While Amazon has been very public about its process of finding a location for a second headquarters, it has asked Austin and the other 100-plus bidders to keep quiet about their proposals.
The tech giant explicitly asked that submissions be "confidential.”
“We’re excited about it,” said Mike Berman, senior vice president for the Austin Chamber of Commerce, which submitted a bid Wednesday. “It’s a great opportunity and when you take a look at all of the factors in this region, it makes a very compelling case.”
Berman offered some general information about what the Chamber put into the bid; we know it covers the entire metropolitan area, including surrounding suburbs, and that 40 to 50 sites were considered.
Amazon encouraged regions to unite behind one bid.
Not all the bidders were as hush-hush. Many entrants released promotional videos, ostensibly included in their proposal. In his state’s bid, the Missouri governor tied together St. Louis and Kansas City with the Hyperloop. Philadelphia hyped its big-city appeal and diversity. (Some viewers might notice a SXSW badge in the middle of the Philly video).
Milam County, a largely rural county just northeast of Austin, pointed to its vast and open space in its sales pitch.
Milam officials know they likely will not attract the company, but they’re hoping the pitch video catches attention from potential employers; one of the county’s biggest employers, the Luminant power plant in Rockdale, is set to close next year.
Videos and stunts aside, the decision will come down to specific criteria, with tax incentives to likely weigh heavily. New Jersey has been very public about the millions in tax abatements it would give Amazon if it were to locate there. Most of the cities in the running – including Austin – have not been so forthright about what government incentives were offerred.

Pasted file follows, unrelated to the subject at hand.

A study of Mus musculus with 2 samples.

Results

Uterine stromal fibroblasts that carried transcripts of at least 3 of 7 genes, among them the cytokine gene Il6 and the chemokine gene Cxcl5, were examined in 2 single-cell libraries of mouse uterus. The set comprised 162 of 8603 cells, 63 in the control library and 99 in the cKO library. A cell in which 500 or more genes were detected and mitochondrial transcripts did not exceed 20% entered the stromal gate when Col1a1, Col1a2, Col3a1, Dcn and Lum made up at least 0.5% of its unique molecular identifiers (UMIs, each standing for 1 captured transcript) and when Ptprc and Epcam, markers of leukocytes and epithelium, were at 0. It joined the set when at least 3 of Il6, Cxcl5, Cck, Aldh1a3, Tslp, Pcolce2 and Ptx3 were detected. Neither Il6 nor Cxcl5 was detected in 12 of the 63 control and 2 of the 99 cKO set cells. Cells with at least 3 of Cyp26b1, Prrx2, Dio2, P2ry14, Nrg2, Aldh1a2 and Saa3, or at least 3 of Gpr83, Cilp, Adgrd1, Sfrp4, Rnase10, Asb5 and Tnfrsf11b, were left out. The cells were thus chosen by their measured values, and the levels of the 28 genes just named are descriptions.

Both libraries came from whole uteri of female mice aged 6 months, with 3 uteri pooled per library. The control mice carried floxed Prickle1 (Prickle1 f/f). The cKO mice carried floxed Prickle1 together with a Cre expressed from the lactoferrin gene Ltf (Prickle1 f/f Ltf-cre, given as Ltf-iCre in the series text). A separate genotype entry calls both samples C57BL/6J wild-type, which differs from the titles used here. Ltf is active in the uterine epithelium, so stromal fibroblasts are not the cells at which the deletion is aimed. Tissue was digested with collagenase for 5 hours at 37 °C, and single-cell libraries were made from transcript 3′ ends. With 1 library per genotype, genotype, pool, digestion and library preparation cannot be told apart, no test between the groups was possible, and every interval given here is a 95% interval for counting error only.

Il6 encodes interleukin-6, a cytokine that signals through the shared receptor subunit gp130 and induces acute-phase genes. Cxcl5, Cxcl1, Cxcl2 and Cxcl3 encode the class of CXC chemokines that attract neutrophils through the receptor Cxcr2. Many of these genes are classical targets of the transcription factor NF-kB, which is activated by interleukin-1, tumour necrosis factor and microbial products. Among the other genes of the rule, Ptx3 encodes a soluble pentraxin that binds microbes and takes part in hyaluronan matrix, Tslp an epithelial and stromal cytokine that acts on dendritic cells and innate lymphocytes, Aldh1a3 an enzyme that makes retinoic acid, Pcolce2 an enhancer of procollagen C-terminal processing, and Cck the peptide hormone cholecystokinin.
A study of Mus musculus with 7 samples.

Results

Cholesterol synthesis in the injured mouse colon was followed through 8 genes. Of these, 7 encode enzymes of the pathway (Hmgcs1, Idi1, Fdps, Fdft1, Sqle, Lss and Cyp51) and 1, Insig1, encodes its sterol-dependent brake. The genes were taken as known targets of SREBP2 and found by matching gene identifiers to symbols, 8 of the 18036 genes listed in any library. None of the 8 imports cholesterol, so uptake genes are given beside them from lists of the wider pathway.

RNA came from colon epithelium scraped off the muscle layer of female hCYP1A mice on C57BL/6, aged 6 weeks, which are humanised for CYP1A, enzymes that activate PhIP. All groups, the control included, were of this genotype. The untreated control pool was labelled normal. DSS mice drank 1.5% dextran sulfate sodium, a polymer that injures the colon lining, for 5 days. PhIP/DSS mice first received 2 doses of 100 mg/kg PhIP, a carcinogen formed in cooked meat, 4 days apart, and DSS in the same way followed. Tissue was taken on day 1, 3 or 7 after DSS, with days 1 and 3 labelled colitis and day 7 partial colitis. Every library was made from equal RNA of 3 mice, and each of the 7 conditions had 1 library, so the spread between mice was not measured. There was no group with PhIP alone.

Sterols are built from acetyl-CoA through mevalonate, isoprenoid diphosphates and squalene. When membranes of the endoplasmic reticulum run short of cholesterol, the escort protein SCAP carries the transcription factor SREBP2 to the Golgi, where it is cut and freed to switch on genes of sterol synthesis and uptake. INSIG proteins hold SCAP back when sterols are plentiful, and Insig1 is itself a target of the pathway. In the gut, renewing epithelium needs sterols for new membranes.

“There are several types of incentive programs that can come from cities, counties, independent school districts and the state,” Berman said. “So, each of these jurisdictions have their own incentive policies and, then, they have their own programs that they could potentially offer, that’s depending on what makes sense for that community.”
But not every city is offering tax breaks or other incentives. San Antonio pulled out of the contest, saying it didn’t want to offer too much to one company. Bexar County Judge Nelson Wolff said city and county officials deliberated long and hard about it, but what San Antonio had to offer was not going to be competitive.
“That’d be like going into a fight with a six-shooter and the other people have got bazookas,” he said.
Wolff said a partial tax break on an office building would likely not be enough to lure Amazon, and officials there were not willing to offer more.
“So, if they decide they like San Antonio or they want to come to San Antonio, we’d be glad to sit down and talk with them about the terms which they would come," he said. "But we’re not going to get into a bidding war."
“You know they’re so strong, they’d be crazy to give a nickel away,” Wolff said about Austin. “They’ve got everything going for them in terms of the workforce, the tier-one university. They’ve got all the attributes that are so strong up there.
In addition to Austin and Milam County, several Texas cities are vying for “HQ2.” El Paso and Houston reportedly submitted bids, as did several cities in the Dallas-Fort Worth area. In its pitch, Frisco promised to build the rest of the town around Amazon.